Monday, 4 May 2015

Why African Babies Don't Cry

Well, I've hit the 7 month mark and it's starting to dawn on me that I have to go through child birth again! You'd think I'd have realised this before now! It's going to hurt, but I'm going to have the wonder drugs again and it will all be over within a day, is the mantra going on in my head at the moment. Strangely though, I'm not worried about sleepless nights and endless crying, basically because I didn't go through that with my daughter. No she wasn't an angel child, a one off perfect baby, what made all the difference was I listened to my partner.

Angel Baby

Africans look after newborns in an entirely different way to us Europeans. They cosleep, they breast feed and wear their babies constantly on their backs, when they're not attached to the boob, as the norm. The mother is 100% available for the baby and bugger everything else. My partner took a complete backseat when our daughter was born, but not in a bad way. He carefully stayed close enough to us to keep an eye out and offer advice and support that I was doing the right thing, but he slept in a different bed, there was no pressure for us to resume our sex life. In his mind, and education, baby came first and I as the mother should be there for her 24/7. If she started to cry, he would simply say put her on the breast. My inital reaction was, but she's already been fed she can't still be hungry! But he was right, she just wanted to be on the breast, it was her comfort. We coslept, I can't recall ever having a sleepless night with her when she was a newborn. She would wake up, sniff out the boob, feed and fall back to sleep, 9 times out of 10 I would bearly stir, just long enough to make sure she wouldn't choke!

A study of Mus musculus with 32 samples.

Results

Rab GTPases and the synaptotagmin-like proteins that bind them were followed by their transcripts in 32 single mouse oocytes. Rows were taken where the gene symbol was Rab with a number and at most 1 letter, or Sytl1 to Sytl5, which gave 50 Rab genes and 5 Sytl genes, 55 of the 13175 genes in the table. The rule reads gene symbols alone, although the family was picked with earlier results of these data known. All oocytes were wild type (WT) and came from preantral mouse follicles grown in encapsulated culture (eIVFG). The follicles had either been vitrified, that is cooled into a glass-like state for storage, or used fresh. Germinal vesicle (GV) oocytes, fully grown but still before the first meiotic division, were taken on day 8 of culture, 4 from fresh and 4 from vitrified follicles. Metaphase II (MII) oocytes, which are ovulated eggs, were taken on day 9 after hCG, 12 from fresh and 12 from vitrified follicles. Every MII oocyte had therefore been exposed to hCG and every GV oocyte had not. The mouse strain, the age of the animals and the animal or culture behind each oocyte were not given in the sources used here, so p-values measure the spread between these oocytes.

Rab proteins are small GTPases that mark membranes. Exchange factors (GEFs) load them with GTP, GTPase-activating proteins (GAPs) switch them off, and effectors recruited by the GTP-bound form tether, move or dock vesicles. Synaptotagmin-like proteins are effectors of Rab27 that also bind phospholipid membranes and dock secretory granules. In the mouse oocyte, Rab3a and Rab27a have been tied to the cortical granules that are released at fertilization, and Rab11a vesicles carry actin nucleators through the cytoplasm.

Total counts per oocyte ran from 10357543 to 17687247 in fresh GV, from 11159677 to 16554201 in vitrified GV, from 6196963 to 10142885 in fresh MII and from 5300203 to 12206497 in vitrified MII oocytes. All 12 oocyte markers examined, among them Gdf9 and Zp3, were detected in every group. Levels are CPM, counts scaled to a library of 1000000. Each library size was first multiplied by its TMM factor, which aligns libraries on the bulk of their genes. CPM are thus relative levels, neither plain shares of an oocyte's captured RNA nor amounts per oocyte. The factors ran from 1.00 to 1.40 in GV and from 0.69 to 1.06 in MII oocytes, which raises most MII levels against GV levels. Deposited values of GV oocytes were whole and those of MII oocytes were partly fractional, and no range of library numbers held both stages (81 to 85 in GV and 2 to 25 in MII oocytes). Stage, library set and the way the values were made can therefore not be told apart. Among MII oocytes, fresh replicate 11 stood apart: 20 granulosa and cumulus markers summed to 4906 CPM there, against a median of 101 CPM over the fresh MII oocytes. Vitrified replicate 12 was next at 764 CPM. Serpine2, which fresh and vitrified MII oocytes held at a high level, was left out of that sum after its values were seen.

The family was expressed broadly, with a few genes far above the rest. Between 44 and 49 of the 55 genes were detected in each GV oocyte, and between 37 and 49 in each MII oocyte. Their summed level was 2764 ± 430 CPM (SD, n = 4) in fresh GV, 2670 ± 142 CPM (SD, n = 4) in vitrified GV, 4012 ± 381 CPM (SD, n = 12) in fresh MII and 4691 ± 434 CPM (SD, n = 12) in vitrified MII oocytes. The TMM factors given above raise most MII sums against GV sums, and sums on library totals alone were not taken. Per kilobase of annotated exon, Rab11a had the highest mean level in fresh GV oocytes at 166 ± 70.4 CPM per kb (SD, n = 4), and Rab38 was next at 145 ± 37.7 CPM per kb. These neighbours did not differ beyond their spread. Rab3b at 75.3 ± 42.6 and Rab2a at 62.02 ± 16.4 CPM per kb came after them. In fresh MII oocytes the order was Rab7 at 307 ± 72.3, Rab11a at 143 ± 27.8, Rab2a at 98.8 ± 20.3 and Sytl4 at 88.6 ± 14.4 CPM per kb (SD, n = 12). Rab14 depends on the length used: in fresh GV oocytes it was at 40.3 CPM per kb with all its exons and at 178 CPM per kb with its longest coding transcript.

African Baby and Mother

I couldn't carry her on my back because I have back problems and she was a chunky baby, but the constant closeness to me meant she didn't suffer from collic. A few times we went through the 7pm screaming, but overall I would just stop whatever I was doing and sit down and put her on the breast. Within minutes she'd nod off.

Sounds like I was a prisoner to my baby! But quite the opposite, I was more able to put her down and do things than I could see my friends were able to with their newborns. I would surround her with big cushions and make a sort of cushion fort around her to make her feel safe, and I was free to breathe. I went back to work when she was 2 and a half months, French maternity leave being the shortest in the world! But it wasn't a problem. My little girl felt safe and loved. She never questioned that I wouldn't be there for her, so she would gurgle away happily in her carry cot, safe in the knowledge that when hunger struck or the world suddenly became overwhelming, Mummy would be there.

Cushion Fort Baby

So as much as I'm not looking forward to the pain and the pushing, I'm comforted my the memories of my daughter as a newborn and safe in the knowledge that my partner has got my back.